Wednesday, November 17, 2004
7 News Features: Return to Sender
Think about how many times a day you use e-mail. But did you ever send something to the wrong person or write something and then regret it. Well now, you can take back everything you wrote even before the recipient has a chance to read it. Here's the nighteam's Louis Aguirre with tonight's special assignment report - "Return to Sender."
WSVN -- Save your job, your social life, even your self-respect.
For most of us, when we send e-mail, once it's gone, it's gone forever.
But thanks to a new Internet service, we're about to get something very rare in life - a second chance.
We've all been there...Typing an e-mail... When suddenly...With one single click, we make a mistake...That is so big, it is literally out of this world.
Wrong message... Wrong person... Wrong thing to do. How many times have you sent an e-mail you wish you could take back.
Co-workers Michael Nifnif and James McKeown know the feeling. Both of them have committed an e-blunder.
Michael Nifnif: "I went ahead and sent an email that said see below or see attachment and i forgot to attach the e-mail."
James McKeown: "I get a nasty e-mail from a friend, read it really quickly, write something nasty back and then i'd read it later and think oh no."
Oh- no is right because once it's gone, it's gone forever...At least until now.
Check out bigstring.com. It is the first e-mail service that allows you to correct, erase, even destroy what you have written before or after a recipient reads it.
James: "That sounds pretty awesome.
But what's awesome is you can also prevent others from forwarding, printing, or copying your e-mail.
Basically, it gives all the power to the sender.
Adam Kotkin: "We're saying when you send an email, it's your e-mail."
Adam Kotkin is big string's chief operating officer.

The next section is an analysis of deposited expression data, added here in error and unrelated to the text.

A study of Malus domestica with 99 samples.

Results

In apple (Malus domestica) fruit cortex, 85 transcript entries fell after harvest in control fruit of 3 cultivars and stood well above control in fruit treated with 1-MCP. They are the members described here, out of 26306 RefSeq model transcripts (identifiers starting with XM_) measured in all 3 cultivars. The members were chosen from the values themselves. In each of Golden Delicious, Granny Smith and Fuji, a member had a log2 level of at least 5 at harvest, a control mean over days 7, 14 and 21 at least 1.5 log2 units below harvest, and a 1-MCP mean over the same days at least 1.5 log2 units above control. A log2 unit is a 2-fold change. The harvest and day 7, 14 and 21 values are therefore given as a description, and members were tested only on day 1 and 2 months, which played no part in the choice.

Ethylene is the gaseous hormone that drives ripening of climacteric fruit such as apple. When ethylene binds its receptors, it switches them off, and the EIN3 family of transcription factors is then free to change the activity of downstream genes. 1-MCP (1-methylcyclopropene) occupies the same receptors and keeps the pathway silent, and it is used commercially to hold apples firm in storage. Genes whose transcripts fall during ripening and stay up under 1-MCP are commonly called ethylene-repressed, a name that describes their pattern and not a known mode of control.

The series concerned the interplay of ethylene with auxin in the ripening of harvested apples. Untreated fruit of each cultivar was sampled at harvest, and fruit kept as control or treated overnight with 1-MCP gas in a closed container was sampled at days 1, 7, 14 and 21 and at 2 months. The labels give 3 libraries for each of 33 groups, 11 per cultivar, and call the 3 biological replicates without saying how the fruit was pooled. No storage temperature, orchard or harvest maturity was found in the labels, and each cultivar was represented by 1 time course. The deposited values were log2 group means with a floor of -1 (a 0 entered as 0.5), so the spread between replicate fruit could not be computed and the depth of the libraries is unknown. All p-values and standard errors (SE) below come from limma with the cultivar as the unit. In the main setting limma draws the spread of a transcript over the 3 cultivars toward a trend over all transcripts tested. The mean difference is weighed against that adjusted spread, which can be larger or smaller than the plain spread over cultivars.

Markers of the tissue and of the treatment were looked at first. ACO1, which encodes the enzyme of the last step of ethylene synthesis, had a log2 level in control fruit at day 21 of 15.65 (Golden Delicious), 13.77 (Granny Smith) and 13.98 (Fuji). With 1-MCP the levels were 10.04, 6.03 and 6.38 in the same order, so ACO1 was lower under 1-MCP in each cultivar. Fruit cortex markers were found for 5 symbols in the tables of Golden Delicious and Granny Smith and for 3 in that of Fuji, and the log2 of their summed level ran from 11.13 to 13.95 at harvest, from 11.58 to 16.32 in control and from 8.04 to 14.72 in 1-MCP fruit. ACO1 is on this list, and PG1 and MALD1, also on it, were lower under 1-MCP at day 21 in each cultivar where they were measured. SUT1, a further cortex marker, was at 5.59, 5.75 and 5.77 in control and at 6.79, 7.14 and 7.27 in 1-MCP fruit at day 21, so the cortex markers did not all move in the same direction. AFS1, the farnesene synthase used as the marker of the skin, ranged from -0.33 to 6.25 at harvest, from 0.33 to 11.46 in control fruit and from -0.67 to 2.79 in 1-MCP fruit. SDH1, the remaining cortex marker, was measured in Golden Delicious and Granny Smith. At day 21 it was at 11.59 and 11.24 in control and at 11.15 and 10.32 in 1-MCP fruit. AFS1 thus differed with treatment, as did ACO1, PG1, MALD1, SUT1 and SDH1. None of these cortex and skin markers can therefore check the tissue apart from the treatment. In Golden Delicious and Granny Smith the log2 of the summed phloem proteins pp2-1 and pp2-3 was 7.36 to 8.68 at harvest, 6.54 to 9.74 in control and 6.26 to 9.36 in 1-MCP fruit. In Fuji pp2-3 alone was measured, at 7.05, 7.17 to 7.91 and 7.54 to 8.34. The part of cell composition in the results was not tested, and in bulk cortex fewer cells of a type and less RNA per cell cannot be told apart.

He came up with idea just over a year ago when his partner - a broker - e-mailed the wrong pricing information to business clients.
Adam: "E-mail today is permanent record. What you say today can be used against you tomorrow."
Basically big string lets you correct all your mistakes. At least the ones you make online.
And big string's not alone. Readnotify.com also allows you to control what people do with your e-mail.
It lets you prevent others from forwarding, printing, or copying what you sent.
Adam: "People don't want their mistakes out there on the web."
At big string, the system works because unlike traditional e-mails where the message is saved on your computer, here the message may look the same, but it's actually being sent to you from the big string server.
Adam: "As far as everyone can tell, it's perfectly legal."
Well, not everyone.
South Florida attorney Barry Chase has big concerns about big string.
Attorney Barry Chase: "Anytime you enter an area of actively deceiving someone, I think questions are raised."
One of those questions is when an e-mail lands in a receiver's account, does it belong to the receiver.
Barry: "If you can remove it from the account of the recipient then I think you're talking about a property issue possibly, certainly a privacy issue."
Michael and James admit they don't like somebody else interfering with their e-mail.
Michael: "I would probably be very violated knowing something was sent to me and somebody took it out of my inbox."
But return to sender is an alluring option.
James: "I want the power of course."
No strings...Or should we say big string attached.
James: "Its just that extra advantage I guess...and covering your butt."
Big string will only tell us they have tens of thousands of customers. Right now, a patent is pending on their service.